The St. Andrew's cross of Scotland has long had a place in Northern Ireland, particularly among its pro-Britain unionist population. Many of them are descended from the tens of thousands of Scottish Presbyterians who moved to Ireland in the 17th century under British colonial rule.
But with Scotland set next month to vote on independence from Britain, the meaning of the blue-and-white saltire has been inverted. Some here believe that a "yes" vote could inspire a fresh political drive for Irish unification. That prospect is feared by unionists who want the status quo in Northern Island.
After 30 years of vicious sectarian conflict, Northern Ireland has reached a stable but contentious peace. The government at Stormont, in Belfast, is administered by an awkward power-sharing arrangement between nationalists, who seek to reunite Northern Ireland with the Republic of Ireland to the south, and unionists who want to remain part of the United Kingdom. For the latter, the Scottish referendum hits worryingly close to home.
"The ramifications would be much greater for unionism if there was a 'yes' vote," says Peter Shirlow, a professor at the Institute for the Study of Conflict Transformation and Social Justice at Queen’s University Belfast.
"For republicans, if the vote is close – or a 'yes' vote – it will give them the energy to say, even in Scotland where you didn’t have the conflict, people are unsure about the union, unsure about Britishness."
Danny Morrison, director of publicity for the nationalist party Sinn Fein during the 1981 Hunger Strikes, says that Scottish independence would "have a psychological effect on the unionist people." For unionists, Mr. Morrison explains, Scotland's independence would fundamentally change the nature of the union to which they pledge allegiance, thereby directly challenging their identity.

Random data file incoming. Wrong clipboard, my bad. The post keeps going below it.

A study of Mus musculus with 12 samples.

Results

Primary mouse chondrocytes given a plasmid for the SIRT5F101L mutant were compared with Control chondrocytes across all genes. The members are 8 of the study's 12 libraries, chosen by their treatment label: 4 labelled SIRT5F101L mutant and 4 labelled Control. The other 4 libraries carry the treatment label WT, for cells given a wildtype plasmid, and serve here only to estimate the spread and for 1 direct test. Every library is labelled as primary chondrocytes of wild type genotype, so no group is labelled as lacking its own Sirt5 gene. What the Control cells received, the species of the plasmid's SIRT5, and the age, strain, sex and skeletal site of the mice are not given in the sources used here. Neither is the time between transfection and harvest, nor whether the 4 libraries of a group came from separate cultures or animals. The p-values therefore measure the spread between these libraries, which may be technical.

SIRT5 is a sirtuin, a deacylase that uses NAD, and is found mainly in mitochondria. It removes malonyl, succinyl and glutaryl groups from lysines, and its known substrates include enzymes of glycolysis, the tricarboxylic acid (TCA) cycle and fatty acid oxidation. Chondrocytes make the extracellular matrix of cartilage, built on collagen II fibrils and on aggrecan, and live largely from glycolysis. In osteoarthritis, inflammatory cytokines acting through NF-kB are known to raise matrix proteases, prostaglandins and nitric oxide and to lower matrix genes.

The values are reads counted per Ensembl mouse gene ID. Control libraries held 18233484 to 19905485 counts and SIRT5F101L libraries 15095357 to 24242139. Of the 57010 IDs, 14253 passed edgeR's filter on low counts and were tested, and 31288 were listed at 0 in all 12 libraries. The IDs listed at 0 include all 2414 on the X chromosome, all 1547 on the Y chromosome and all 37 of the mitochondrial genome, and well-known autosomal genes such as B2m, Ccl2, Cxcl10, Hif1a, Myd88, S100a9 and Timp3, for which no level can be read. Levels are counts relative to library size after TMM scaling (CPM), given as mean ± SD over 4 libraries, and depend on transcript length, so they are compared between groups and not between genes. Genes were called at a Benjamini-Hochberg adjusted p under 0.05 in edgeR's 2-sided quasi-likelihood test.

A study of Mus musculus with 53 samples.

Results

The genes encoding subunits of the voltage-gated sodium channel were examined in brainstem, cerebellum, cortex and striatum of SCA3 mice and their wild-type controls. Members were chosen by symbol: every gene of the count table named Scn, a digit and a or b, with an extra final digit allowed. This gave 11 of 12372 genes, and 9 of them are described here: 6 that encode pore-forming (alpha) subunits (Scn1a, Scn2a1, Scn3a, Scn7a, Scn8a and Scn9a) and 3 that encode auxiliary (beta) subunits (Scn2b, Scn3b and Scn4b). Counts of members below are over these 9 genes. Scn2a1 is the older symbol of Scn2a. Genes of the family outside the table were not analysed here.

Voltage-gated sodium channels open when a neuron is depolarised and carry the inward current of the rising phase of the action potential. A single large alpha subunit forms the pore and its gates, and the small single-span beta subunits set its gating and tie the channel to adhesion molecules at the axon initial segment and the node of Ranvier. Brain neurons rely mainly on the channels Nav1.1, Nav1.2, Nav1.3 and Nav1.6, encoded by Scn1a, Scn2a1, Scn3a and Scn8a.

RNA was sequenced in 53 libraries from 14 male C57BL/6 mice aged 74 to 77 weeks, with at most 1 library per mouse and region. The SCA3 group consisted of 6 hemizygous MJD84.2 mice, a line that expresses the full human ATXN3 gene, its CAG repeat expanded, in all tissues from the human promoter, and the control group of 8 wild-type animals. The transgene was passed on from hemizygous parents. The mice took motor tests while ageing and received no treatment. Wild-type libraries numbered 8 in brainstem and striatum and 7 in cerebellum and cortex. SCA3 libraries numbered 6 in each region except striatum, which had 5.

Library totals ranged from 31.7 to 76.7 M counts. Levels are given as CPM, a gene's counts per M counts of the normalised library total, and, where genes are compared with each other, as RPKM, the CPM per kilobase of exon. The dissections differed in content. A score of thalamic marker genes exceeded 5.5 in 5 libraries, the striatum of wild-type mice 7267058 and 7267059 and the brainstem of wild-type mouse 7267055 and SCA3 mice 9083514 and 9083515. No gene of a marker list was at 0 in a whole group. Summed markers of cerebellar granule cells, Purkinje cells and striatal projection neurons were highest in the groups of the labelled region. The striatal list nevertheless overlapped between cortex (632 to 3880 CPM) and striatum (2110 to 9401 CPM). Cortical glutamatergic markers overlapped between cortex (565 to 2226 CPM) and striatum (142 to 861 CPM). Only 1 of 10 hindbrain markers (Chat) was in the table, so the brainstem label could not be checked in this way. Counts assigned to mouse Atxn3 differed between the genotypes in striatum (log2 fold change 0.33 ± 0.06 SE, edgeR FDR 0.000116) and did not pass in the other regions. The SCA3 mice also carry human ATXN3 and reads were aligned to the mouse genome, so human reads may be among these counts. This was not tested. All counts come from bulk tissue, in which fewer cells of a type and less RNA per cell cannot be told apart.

But he notes, Scotland's independence would be unlikely to bring Irish unity any closer, he says. For nationalists, "the union between the north [of Ireland] and Britain" is the only relationship of importance, he points out – Scotland's place in Britain is not a factor.
Unionists are not as sure. Publicly, unionist politicians in Northern Ireland have warned of the dangers posed by a "yes" vote. Former Ulster Unionist Party leader Tom Elliott even warned that the Scottish National Party, which is driving the "yes" campaign, is "a greater threat to the Union than the violence of the [Irish Republican Army]."
But privately, many unionists suggest the impact of a "yes" in Scotland would not spell the end of their place in the union. Paradoxically, some say it might even strengthen the unionist position.
A stronger union?
"A lot of [moderate] nationalists are going to say we don’t want [unification with the Republic], that’s only going to cause far more problems than it’s worth," says Alex Kane, a leading unionist commentator in Belfast. "Part of me thinks that the Scots voting for independence might do unionism no harm here, it might actually strengthen [desire to remain in Britain] among 'small-n’ [moderate] nationalists."
Most Northern Irish unionists are confident that their brethren across the Irish Channel will reject independence, as most polls suggest they will.
But even a Scottish "no" next month could impact Northern Ireland negatively. Such a vote would likely be followed by the delegation of new powers from London to the devolved parliaments. In Northern Ireland, the power-sharing government already struggles to reach agreement on mundane political issues. New powers, while cementing Scotland’s place in the union, could broaden the opportunity for instability in Northern Ireland.